Yes, Juneteenth (short for June 19) has only been a national holiday since President Biden signed the holiday into law last year when he signed the Juneteenth National Independence Day Act. It marks the first new federal holiday since Martin Luther King Jr. Day was added in 1983. This year, the federal holiday, also known as Freedom Day or Jubilee Day, is technically on Sunday, June 19. Still, many will celebrate it on Monday, June 20. You may find some organizations and federal institutions will be closed on Monday to observe the holiday.
However, Juneteenth has been celebrated every year since 1865, and it is thought to be the longest-running African-American holiday. As old as this holiday is, marking the end of slavery in the United States, more than half of the American population knows nearly nothing about the holiday or why it is celebrated.
“The emancipation of enslaved Black Americans didn’t mark the end of America’s work to deliver on the promise of equality; it only marked the beginning. To honor the true meaning of Juneteenth, we have to continue toward that promise because we’ve not gotten there yet,” said Biden as he was poised to sign the new law into existence.
With the deaths of several African Americans in 2020, like Breonna Taylor, Ahmaud Arbery, and especially George Floyd, sparking protests against police brutality around the country and Black Lives Matters initiatives, the holiday was brought to the forefront.
The History of the event:
Galveston, Texas, was not complying with the mandates of the Emancipation Proclamation, which had been signed into law two and a half years before the day we now know as Juneteenth, so federal troops were sent into Galveston on that fateful day to take control of the state and ensure that all enslaved people would be freed. U.S. General Gordon Granger read General Orders No. 3: “The people of Texas are informed that, in accordance with a proclamation from the Executive of the United States, all slaves are free.”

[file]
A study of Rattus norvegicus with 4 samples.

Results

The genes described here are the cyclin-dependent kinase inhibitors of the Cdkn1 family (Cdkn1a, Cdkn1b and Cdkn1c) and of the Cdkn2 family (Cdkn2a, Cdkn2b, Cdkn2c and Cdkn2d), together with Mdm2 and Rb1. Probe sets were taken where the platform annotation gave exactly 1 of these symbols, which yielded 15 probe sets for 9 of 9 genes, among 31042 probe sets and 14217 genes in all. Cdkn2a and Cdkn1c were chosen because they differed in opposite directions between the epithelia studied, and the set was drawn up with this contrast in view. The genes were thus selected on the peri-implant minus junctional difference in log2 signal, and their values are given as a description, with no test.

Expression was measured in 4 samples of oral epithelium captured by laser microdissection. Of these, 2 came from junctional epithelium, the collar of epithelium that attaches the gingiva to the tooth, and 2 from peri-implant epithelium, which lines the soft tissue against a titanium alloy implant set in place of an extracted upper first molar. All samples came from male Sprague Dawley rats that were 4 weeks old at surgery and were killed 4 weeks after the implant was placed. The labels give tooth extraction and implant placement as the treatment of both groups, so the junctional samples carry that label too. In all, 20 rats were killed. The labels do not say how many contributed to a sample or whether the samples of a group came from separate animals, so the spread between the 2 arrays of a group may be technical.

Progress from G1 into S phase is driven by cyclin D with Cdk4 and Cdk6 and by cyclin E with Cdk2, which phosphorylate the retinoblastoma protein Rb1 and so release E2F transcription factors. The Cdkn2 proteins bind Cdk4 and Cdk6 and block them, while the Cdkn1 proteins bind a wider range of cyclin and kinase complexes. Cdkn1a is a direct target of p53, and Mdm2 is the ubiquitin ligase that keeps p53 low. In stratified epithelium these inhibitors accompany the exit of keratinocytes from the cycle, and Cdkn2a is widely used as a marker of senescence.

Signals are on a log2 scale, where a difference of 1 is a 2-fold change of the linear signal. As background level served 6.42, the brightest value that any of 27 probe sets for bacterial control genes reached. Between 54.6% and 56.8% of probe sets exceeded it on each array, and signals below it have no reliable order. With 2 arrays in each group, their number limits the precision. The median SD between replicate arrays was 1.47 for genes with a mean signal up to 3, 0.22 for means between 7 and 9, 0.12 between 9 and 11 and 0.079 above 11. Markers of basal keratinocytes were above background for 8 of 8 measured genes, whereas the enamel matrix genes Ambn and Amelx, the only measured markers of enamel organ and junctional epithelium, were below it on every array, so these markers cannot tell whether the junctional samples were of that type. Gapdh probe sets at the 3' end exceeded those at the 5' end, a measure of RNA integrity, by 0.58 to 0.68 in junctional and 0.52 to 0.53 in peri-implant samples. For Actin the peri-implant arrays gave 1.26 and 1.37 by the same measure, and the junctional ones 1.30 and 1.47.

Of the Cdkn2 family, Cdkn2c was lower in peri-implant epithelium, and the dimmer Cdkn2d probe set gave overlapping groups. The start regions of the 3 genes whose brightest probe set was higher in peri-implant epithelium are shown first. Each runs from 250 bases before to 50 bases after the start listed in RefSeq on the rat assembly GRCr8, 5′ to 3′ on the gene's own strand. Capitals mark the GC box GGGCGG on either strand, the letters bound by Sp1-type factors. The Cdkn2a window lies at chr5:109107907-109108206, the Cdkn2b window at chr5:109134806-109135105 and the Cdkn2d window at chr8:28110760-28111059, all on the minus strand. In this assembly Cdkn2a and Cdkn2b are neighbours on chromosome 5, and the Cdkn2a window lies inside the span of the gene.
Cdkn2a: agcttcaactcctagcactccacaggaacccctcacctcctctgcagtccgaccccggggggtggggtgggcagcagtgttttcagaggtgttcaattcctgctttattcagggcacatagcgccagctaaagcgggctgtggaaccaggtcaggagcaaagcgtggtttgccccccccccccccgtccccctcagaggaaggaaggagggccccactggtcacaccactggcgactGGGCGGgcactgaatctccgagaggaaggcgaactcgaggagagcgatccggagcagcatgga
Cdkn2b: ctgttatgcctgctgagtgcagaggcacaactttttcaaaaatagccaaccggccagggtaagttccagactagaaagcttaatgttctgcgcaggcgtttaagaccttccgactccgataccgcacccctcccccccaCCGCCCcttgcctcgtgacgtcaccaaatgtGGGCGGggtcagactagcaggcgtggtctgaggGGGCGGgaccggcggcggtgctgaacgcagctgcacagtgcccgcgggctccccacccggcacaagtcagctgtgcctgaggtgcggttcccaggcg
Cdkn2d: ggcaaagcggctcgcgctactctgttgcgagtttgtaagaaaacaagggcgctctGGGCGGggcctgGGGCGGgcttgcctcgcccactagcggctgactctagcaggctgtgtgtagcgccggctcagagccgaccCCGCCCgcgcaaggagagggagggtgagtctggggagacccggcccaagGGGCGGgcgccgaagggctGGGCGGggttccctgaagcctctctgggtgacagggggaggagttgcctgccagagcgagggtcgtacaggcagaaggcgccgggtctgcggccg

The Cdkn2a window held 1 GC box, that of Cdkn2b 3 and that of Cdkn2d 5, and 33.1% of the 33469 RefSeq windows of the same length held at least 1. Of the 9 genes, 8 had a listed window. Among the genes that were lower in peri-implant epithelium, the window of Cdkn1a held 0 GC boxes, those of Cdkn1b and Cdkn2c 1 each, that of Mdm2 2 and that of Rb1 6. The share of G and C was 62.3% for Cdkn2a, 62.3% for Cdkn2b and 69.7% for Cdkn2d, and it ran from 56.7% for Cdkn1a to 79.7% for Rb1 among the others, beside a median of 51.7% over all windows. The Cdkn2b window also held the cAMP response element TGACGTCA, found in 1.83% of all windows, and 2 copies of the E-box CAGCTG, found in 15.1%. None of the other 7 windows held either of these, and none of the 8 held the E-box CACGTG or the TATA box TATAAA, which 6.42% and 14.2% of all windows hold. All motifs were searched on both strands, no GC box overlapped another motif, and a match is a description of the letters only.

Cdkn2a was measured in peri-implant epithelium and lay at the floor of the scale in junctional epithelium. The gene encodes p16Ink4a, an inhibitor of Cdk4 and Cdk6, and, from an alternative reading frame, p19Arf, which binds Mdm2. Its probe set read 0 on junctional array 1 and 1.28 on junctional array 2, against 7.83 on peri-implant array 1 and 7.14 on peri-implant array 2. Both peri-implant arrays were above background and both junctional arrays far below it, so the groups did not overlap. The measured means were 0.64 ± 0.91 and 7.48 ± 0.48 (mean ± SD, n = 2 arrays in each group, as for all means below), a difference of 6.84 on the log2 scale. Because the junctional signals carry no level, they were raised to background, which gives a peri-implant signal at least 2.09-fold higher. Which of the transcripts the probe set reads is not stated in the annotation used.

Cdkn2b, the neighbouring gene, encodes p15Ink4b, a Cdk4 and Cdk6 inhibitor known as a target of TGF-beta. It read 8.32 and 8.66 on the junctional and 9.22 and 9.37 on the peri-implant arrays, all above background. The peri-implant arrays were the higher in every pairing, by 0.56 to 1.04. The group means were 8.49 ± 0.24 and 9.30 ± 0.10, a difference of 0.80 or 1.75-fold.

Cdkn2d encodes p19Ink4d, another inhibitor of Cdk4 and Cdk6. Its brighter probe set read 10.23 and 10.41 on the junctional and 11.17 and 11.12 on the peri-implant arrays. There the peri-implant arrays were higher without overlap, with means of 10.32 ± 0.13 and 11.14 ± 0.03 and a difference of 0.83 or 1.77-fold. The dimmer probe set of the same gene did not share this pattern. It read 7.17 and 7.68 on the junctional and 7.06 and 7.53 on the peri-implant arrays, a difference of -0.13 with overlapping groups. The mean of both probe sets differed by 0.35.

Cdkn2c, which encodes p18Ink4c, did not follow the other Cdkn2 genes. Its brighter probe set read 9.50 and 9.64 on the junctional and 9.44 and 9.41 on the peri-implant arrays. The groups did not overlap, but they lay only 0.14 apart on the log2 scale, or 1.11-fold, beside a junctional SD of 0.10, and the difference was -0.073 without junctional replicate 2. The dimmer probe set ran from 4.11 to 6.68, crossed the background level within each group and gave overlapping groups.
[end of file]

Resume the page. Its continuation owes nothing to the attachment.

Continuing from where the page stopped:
Why is this Juneteenth especially significant?
Now that this is recognized as a national holiday, more attention is being paid to this holiday than ever before. People are beginning to realize that this is more than just about ending slavery in America. It helps shine a light on some of the ongoing problems the African American population still faces today. It opens up the possibility for conversations about how to improve relations between black and white people. It gives a platform for discussing some of the daily problems and struggles that African American families face.
This national attention to the holiday, celebrating and commemorating the event, is a very positive thing for Americans, not just our black citizens. It is a chance to start open discussions and to celebrate with one another.
How to celebrate and observe Juneteenth:
Despite this being a legal holiday, banks and other corporations, even some courts of law, are not required to be closed on Monday. State agencies and schools will be closed, however. Illinois will observe by lowering all government flags at half-staff and raising a Juneteenth flag at the Illinois capitol.
There will be music festivals, marches, family picnics, and parades across the country. Though a somber subject, this is considered to be a joyous occasion. Many churches will hold services and celebrations to commemorate the day as well.
If you and your family want to celebrate or participate in the holiday, consider patronizing a black-owned restaurant or business. Fly a Juneteenth flag at your home, office, business, or place of worship.
Take the kids down to the Marshall library and read up on the history of Juneteenth. There are books and documentaries and movies of all kinds on the subject. Take the time to watch something about the history of this day or read up on the subject.
This new, yet very old holiday is a fascinating and important part of our American history now as much as ever.